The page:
Hedgehogs are an icon of our wonderful countryside; who couldn’t fail to be charmed by these spiky, furry, sweet creatures> Unfortunately the population of British Hedgehogs is in freefall, by up to 50% in rural areas over the last 20 years.
There is no obvious cause to this decline. Road deaths, loss of habitat, pesticides and badgers have all been considered, but nothing is conclusive.
However the answer may lie with Andrew Jackson of Brackley Hogwatch. Over the last few years we have worked with Andrew in his tireless crusade to help hedgehogs in distress by donating our time and equipment. As part of our clinical examination we may perform xrays and from this, along with other data, we can determine the age of the animals through looking at growth plate closure. It seems that the majority of juvenile hedgehogs are now not surviving their first winter, and thus not making it to breeding age. Most baby hedgehogs (hoglets) are born in summer and after around ten days of foraging with their mother will wander off on their own. Females are capable of having a second litter in autumn but these young are unlikely to survive the winter, as these litters do not put on enough weight to survive the winter.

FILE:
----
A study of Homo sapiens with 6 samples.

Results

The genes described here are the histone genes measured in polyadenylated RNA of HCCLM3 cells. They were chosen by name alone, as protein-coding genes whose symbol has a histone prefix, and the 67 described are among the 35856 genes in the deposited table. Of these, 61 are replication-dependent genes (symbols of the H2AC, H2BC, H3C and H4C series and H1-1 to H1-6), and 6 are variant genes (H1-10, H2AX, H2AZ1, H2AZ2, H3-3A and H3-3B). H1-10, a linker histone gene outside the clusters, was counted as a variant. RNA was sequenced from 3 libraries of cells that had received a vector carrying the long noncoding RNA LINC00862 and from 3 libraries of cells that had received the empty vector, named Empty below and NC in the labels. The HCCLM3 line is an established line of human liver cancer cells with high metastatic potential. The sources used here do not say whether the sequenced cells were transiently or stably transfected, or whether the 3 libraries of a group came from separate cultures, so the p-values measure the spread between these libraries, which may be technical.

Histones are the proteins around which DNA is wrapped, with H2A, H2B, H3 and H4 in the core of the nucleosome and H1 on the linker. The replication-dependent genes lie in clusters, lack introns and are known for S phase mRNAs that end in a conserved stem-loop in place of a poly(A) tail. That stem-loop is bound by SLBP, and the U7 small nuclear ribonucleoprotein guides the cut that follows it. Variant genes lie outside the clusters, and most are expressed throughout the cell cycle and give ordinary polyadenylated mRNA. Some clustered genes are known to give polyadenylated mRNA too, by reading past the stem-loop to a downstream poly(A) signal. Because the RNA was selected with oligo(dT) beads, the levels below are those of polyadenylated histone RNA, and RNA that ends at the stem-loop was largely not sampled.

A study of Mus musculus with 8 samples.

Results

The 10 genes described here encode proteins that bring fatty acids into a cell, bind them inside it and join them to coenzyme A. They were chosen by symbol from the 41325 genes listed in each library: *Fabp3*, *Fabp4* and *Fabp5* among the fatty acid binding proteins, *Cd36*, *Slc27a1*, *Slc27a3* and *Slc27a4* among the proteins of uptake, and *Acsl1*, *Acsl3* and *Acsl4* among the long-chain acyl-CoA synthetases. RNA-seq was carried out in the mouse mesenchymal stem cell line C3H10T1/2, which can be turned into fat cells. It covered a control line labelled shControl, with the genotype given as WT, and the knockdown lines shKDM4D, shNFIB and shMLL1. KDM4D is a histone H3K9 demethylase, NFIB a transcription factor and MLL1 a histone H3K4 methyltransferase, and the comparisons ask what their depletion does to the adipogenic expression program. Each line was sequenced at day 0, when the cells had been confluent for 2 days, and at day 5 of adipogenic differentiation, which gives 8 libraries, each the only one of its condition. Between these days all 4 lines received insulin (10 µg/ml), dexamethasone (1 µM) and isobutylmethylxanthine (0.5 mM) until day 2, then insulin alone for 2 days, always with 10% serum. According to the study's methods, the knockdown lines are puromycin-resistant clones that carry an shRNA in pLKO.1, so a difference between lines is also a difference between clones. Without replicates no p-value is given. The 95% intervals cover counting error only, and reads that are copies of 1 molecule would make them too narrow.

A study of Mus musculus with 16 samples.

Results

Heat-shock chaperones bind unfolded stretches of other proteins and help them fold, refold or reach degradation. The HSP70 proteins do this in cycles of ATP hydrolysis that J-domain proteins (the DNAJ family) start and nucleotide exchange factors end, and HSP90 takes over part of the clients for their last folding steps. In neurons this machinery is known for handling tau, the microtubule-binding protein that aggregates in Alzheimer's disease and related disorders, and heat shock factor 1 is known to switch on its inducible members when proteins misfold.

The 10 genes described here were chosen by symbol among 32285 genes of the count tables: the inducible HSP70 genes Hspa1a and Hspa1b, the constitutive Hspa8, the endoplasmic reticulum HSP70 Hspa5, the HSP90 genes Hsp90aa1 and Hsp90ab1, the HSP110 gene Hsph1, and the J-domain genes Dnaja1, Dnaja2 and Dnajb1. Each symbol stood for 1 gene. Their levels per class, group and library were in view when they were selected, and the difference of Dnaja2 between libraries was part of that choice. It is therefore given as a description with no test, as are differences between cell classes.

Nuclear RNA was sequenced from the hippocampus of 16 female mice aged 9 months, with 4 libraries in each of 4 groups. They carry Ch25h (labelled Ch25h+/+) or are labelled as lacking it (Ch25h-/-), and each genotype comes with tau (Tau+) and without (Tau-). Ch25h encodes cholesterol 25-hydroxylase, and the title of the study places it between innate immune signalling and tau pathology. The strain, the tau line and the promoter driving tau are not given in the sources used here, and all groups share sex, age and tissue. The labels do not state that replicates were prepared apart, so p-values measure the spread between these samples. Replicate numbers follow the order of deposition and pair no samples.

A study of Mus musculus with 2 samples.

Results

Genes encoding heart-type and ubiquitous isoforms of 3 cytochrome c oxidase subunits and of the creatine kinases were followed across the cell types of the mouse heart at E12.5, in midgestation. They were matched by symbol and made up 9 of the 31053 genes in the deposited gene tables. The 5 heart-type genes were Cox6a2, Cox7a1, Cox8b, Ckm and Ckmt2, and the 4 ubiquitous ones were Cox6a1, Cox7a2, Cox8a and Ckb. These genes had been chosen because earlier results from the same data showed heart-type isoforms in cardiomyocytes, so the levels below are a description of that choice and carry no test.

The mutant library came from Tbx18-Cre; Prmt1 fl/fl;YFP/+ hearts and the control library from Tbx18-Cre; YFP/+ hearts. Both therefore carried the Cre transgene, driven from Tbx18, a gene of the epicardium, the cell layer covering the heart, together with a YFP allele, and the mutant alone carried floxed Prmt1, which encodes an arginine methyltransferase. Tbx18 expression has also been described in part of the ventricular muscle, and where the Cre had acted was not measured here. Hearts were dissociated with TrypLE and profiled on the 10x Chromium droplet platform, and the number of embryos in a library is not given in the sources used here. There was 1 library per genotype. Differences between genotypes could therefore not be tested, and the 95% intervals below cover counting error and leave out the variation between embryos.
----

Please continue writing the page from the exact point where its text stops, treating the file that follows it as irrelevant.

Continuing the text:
However, Andrew’s research is showing that it is the first litter that is not surviving, and hence causing the fall in numbers:
We can prove that 80% of these are first litters failing later in the year, not second litters. Even if every garden in the country was hedgehog friendly we will still lose our hedgehogs, because a change in the juvenile survival rate is the ONLY significant factor
It still isn’t clear what is causing the first litters to be so catastrophically delayed, and research now needs to be done to investigate this problem.
Please support Andrew and Brackley Hogwatch. It is through your support for their work that we may save this important member of British Wildlife.